Have We Forgotten How to Say Thank You?

Google “How to Say Thank You” and you’ll get 2.18 billion results. Most are instructional. It’s surprising that something we learned to do as children has that many search results.

Somewhere in between childhood and adulthood, we forgot how to say thank you and, most importantly, mean it.

This is especially true in business where the market often forces companies to focus on short-term transactions rather than long-term relationships. When customers hear a “thank you” in business, it’s usually the result of a company policy instead of something genuine.

Saying something and meaning it comes across a lot differently than when you just go through the motions of saying it.If you don’t mean it: it’s just words. When you mean it, the words carry emotion. It’s the difference between someone faking a smile and a child opening up that gift they’ve wanted for months on Christmas morning.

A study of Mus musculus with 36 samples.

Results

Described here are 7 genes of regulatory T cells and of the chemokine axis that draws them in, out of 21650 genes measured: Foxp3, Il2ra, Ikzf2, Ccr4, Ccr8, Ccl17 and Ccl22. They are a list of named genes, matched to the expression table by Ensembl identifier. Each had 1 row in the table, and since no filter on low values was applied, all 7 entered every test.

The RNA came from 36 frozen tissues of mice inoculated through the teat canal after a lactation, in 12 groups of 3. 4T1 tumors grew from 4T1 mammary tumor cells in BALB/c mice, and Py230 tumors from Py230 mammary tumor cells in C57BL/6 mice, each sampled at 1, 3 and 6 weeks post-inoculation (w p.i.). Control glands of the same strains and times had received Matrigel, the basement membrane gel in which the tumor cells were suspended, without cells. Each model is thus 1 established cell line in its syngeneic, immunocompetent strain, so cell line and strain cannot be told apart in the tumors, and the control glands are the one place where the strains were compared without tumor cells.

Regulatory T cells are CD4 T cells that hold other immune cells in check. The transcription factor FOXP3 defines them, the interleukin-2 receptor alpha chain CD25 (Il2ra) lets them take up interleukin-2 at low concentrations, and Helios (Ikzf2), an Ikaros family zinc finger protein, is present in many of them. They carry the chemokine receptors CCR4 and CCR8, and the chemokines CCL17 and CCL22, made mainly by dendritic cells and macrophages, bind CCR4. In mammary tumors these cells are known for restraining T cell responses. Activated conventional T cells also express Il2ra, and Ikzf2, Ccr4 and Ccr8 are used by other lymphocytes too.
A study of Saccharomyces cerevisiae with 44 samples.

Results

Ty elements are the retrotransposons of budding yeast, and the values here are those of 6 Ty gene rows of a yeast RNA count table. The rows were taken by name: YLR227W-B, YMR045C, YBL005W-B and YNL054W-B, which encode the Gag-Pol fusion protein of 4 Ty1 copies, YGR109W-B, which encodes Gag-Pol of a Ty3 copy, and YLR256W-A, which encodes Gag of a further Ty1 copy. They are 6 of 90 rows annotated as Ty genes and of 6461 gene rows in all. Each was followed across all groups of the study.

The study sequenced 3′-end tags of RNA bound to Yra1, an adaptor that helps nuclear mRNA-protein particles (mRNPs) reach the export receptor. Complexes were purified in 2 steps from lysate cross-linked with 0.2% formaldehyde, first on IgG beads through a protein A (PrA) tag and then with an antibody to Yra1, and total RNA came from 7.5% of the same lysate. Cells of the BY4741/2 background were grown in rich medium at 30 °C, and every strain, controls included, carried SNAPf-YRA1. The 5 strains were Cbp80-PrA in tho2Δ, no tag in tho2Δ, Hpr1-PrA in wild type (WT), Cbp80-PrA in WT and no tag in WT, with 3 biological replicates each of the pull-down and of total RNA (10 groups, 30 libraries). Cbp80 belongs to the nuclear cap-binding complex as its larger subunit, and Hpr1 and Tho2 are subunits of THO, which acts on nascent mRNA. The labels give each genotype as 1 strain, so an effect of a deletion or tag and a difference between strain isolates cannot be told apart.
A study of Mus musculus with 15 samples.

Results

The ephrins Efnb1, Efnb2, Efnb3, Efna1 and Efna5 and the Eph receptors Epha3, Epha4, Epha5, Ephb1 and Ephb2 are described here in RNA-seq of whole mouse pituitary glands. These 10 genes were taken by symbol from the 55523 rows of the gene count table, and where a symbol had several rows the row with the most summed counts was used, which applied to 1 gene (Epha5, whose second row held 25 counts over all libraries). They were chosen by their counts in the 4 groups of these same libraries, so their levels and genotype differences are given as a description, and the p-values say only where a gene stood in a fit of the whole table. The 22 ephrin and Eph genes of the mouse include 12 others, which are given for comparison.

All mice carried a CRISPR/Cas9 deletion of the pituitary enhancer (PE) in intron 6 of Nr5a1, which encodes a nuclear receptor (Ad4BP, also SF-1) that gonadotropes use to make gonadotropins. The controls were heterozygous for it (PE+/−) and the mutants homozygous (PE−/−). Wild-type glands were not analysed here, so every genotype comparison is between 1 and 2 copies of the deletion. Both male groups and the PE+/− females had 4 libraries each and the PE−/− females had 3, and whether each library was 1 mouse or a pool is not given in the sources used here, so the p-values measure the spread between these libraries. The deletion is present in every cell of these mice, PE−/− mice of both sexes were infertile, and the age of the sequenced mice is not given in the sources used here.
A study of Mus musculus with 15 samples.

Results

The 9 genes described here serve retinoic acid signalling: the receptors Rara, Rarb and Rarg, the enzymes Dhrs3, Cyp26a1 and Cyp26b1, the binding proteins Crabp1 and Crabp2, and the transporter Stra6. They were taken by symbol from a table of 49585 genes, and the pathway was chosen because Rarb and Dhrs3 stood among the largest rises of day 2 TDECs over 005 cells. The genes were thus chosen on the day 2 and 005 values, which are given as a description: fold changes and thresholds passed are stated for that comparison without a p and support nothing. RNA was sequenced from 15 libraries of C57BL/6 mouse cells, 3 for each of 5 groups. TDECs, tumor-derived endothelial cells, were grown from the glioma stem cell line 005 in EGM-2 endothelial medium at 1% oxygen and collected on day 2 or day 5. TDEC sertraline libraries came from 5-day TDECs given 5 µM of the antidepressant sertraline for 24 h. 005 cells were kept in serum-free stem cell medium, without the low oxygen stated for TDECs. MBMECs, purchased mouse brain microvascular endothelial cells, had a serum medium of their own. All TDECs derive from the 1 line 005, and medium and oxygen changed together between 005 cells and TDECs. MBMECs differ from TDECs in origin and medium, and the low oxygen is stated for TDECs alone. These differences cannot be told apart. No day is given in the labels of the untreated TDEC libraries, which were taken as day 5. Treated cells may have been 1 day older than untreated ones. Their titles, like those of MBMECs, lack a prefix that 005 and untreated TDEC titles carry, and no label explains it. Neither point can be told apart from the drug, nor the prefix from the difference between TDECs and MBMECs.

Over a decade ago, a sales associate at Cole Haan sent me a handwritten thank you note. Thousands of transactions between then and now, and I’ve yet to receive another personal letter from any company that wasn’t mailed with a purchase. To this day, when I’m looking for something new, I check to see if Cole Haan has something I like first. And, guess what: my last clothing purchase was from Cole Haan.

All it took to make me consider Cole Haan first was a handwritten letter that took no longer than a couple of minutes to write. But, it was genuine. And, the sales associate had to look online to figure out how to thank me.

At its heart, saying “thank you” is about caring for customers. Customers want to matter and they want to engage with brands.

Yet, most companies are missing the chance to engage with their customers beyond trite responses to happy customers and copy-and-paste legalese for angry customers.

This is a big missed opportunity. But, it’s not an opportunity that can be feigned. It can only be done with caring. And, a good start is creating a culture that cares enough to genuinely say, “Thank you.”